How the Texas General Land Office turns seaweed into sand dunes
Spawned in the Bermuda Triangle, sargassum is seen by many as a plague on the Texas coast. It is also one of the best things going when it comes to helping build up Texas beaches.
Tourists -- who spend billions a year visiting the coast -- hate the stuff. But rapidly eroding beaches need it to help trap windblown sand and build dunes.
So what is a coastal community to do? Recent research funded by the Texas General Land Office suggests a light touch is best when a city or county absolutely must remove seaweed from the beach. Last summer's epic seaweed season -- when it piled up in stinking, rotting mats that stretched for miles -- is a good example of when heavy equipment is justified.
"We are working now, trying to quantify it better, but it's clear that just letting it stay on the beach creates a much different beach morphology than a beach without it," said Jim Gibeaut, endowed associate research professor at Texas A&M University-Corpus Christi.
Gibeaut and his colleagues are working to better understand how removing sargassum affects beach and dune development on Mustang Island with a grant from the General Land Office.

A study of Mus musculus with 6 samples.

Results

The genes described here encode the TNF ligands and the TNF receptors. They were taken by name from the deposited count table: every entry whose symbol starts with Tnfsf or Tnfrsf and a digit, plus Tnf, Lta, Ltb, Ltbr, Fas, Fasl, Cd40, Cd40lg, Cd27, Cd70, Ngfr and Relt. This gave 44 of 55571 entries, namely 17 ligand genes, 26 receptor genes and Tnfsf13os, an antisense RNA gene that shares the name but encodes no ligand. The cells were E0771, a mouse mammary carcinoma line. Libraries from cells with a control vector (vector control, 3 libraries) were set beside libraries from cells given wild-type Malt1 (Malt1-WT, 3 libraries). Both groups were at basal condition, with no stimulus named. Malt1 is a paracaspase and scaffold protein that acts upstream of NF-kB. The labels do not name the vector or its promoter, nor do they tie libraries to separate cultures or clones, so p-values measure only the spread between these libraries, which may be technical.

The study should provide useful information about how cities and counties along the Texas coast manage their seaweed, Gibeaut said. And if better management helps beef up the beaches and dune systems along the Texas coast, it will be money well spent. Wide beaches and a sturdy dune system offer a natural protection against storm surge.
"It would be very expensive to build a seawall with the same level of protection as a healthy dune system," Gibeaut said. "Beach volume has a great value in protecting infrastructure."
So if seaweed helps build up beaches and dunes, is it possible to build up a dune system while removing the stuff when it piles up and drives away tourists?
Probably so, says Jens Figlus, assistant professor of maritime systems engineering at Texas A&M University at Galveston. Figlus is working on a General Land Office grant to study how bales of seaweed can be used to help build sand dunes.
"The bales hold water and nutrients, acting like a time release capsule that helps the plants grow above," Figlus said.
The Innovative Technology Seaweed Prototype Dune Project is being tested out at Apffel Park, adjacent to the South Jetty. Figlus and his team spent last summer baling some of the seaweed that piled up on Galveston shores and piling sand on top. "It seems to be working really well, so far," he said. "It helps to reduce the volume of seaweed, and it's odor-free."
Figlus will present the results of his study at the Young Coastal Scientists and Engineers Conference this August in Delaware.
While the process of loading seaweed into a baler is labor-intensive, Figlus is working to refine the baling method. "This looks like it could be a pretty viable method," he said.